Avalanche defenseman Erik Johnson, who hasn’t played since suffering a broken fibula against Dallas on Dec. 3, shed his orange no-contact jersey, went through a full practice Wednesday and then said he planned to return to the lineup Saturday against the Buffalo Sabres at the Pepsi Center.

He made the trip with the team to Nashville, where the Avalanche faces the Predators on Thursday, but won’t play.

“I’m going to get a couple more skates in, and assuming it all goes well, come off the (injured reserve) and play Saturday at home,” he said after practice at Family Sports Center.

After Johnson was injured, the original prognosis was six to eight weeks out of the lineup, but that was quickly pushed back and the defenseman will end up being out 12 weeks.

“It was kind of right on schedule,” Johnson said. “I got a second opinion that was right in the zone where it was. I had to make sure everything was crystal-clear 100 percent, feeling good. I wish that coming back, we’d be in a little bit better playoff position so the games meant something. In this instance, I would make sure things felt perfect. Coaches were great, training staff was great, making sure I was 110 percent getting back into it.

“I wish we were in a different situation right now, but every time you put on the Avalanche jersey, you have to have a big sense of pride. Any time you step on the ice in the NHL, it means something.”

Given that situation – the Avalanche could win all 24 of its remaining games and still wouldn’t make the playoffs – did he consider just sitting out the rest of the season and start pointing to 2017-18?

“Never considered that,” said Johnson, 28. “Let me tell you, there’s no worse feeling being out of the lineup and watching your team struggle. That was probably the hardest part for me, not being able to do anything to help the guys. … I’m happy I can get back in and help the team any way I can.”

After the Avalanche got off to a 9-9 start, Johnson was injured blocking a Tyler Casinomaxi Seguin shot in the second period of the final game in an 0-4-1 homestand that started the slide that now has Colorado with the worst record in the league – and by 14 points.

“You don’t assume the worst right away,” Johnson said of the injury. “I just thought, ‘Get up and try and finish your shift.’ I was able to get the puck out of the zone on the penalty kill, but I knew something was wrong. I had some weird sensations and when I got back to the training room, they asked me to put some weight on it and there was some clicking going on. It just didn’t feel right and got the X-ray and it was pretty obvious right away it was broken. Luckily, I didn’t have to have surgery or anything, and it was a pretty straightforward rehab process.”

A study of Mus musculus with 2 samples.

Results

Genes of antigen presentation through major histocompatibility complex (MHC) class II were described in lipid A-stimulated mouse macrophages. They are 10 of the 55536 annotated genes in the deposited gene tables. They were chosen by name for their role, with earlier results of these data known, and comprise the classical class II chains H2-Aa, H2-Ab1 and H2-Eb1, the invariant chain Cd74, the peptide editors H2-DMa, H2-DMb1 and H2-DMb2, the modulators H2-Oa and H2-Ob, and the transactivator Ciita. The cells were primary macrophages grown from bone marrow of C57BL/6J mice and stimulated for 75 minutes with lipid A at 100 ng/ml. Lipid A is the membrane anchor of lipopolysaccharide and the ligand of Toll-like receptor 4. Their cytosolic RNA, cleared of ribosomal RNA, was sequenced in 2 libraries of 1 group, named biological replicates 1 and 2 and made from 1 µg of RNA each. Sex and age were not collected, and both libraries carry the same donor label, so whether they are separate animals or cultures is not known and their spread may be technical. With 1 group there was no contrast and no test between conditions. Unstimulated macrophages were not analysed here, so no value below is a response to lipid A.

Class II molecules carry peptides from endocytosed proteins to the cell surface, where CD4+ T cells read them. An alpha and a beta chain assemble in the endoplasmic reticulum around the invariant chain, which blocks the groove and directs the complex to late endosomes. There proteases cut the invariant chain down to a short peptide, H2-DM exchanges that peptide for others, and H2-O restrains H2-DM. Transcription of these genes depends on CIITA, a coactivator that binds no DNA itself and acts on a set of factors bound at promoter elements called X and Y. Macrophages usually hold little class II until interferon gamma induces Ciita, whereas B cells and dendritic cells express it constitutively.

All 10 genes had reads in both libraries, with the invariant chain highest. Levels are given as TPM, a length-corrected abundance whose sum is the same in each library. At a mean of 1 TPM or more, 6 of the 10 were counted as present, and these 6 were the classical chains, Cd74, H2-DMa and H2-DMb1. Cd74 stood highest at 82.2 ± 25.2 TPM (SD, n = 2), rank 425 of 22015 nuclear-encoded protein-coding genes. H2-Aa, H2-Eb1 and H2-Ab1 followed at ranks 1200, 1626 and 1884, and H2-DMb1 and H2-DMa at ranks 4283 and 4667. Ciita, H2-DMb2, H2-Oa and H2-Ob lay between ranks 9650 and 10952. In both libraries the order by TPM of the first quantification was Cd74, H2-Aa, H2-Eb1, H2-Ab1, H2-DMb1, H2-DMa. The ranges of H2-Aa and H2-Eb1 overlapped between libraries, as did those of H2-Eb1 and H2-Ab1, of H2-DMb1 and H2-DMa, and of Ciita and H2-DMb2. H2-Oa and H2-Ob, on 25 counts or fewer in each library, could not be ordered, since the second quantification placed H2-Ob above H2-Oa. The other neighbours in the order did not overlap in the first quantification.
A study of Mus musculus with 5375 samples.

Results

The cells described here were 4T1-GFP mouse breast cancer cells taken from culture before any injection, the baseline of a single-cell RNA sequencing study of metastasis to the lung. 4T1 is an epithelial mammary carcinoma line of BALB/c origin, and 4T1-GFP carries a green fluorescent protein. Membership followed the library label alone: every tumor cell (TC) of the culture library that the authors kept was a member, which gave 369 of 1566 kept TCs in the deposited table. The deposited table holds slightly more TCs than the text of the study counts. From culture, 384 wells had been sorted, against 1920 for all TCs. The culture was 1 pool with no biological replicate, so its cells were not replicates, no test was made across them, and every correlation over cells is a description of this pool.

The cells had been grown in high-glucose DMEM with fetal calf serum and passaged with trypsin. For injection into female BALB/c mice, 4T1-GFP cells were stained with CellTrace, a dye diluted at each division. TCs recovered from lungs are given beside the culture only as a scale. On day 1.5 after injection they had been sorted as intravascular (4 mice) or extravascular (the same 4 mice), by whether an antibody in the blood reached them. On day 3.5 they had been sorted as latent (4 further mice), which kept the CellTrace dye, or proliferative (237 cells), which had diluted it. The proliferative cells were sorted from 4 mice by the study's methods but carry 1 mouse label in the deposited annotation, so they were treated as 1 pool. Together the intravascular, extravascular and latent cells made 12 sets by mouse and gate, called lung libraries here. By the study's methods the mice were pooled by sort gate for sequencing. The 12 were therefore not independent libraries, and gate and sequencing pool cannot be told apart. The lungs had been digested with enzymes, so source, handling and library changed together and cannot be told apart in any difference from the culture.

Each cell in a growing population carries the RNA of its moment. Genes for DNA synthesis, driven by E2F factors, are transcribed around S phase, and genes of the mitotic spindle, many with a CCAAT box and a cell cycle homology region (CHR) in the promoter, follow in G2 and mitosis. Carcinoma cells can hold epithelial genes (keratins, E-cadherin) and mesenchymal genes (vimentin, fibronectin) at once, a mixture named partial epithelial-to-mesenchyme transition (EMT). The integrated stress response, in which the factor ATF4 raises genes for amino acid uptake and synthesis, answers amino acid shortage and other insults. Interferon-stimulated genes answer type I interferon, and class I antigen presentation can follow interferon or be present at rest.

Johnson noted, “It tells me I need to have more pads around my skates, too, if I’m going to be blocking shots. I think I was blocking a lot at that time. … I’ll still block them, but at the end of the day, that’s what the goalies get paid for, right?”

Johnson, the No. 1 overall pick in the 2006 NHL draft, missed the entire 2008-09 season, his second in the league and with the St. Louis Blues, after suffering a torn anterior cruciate ligament in an offseason golf cart mishap. He’s had other typical minor injuries during his career and missed stretches of games, and also missed the final 34 games of the 2014-15 season with a knee injury after he was selected for the NHL All-Star Game.

He said he isn’t concerned about being labeled injury-prone.

“I’m sacrificing my body for the good of the team,” he said. “A 100 mile-an-hour slapshot breaks my leg. I don’t really think that’s injury-prone, I just kind of think that’s bad luck. That’s just kind of how it happens. A broken bone is a broken bone and you can’t really do much about that.”

If Johnson indeed plays Saturday, he will have missed 36 games. He has one goal and 10 assists for the Avalanche this season.

Avalanche coach Jared Bednar was less definitive than Johnson about a Saturday return, calling it “the target date here if everything keeps going the way it’s been progressing.” He added, “He’s been out a significant length of time, so he’ll probably get eased into that a little bit.”

Johnson’s return would follow the Monday loss of defenseman Nikita Zadorov, who suffered a broken ankle at practice. One silver lining to Johnson’s absence was that Zadorov got more minutes and, while inconsistent and still mistake-prone, drew widespread praise for his physical play, much of the time in the top pairing.

“He was making some big leaps in the second half of the season when he got some more ice time,” Johnson said. “I went through a situation like that, I missed a whole season. So he’ll be fine. He’s only going to miss 25 games or so and will get a jumpstart on summer training. I guess I can offer some rehab tips.”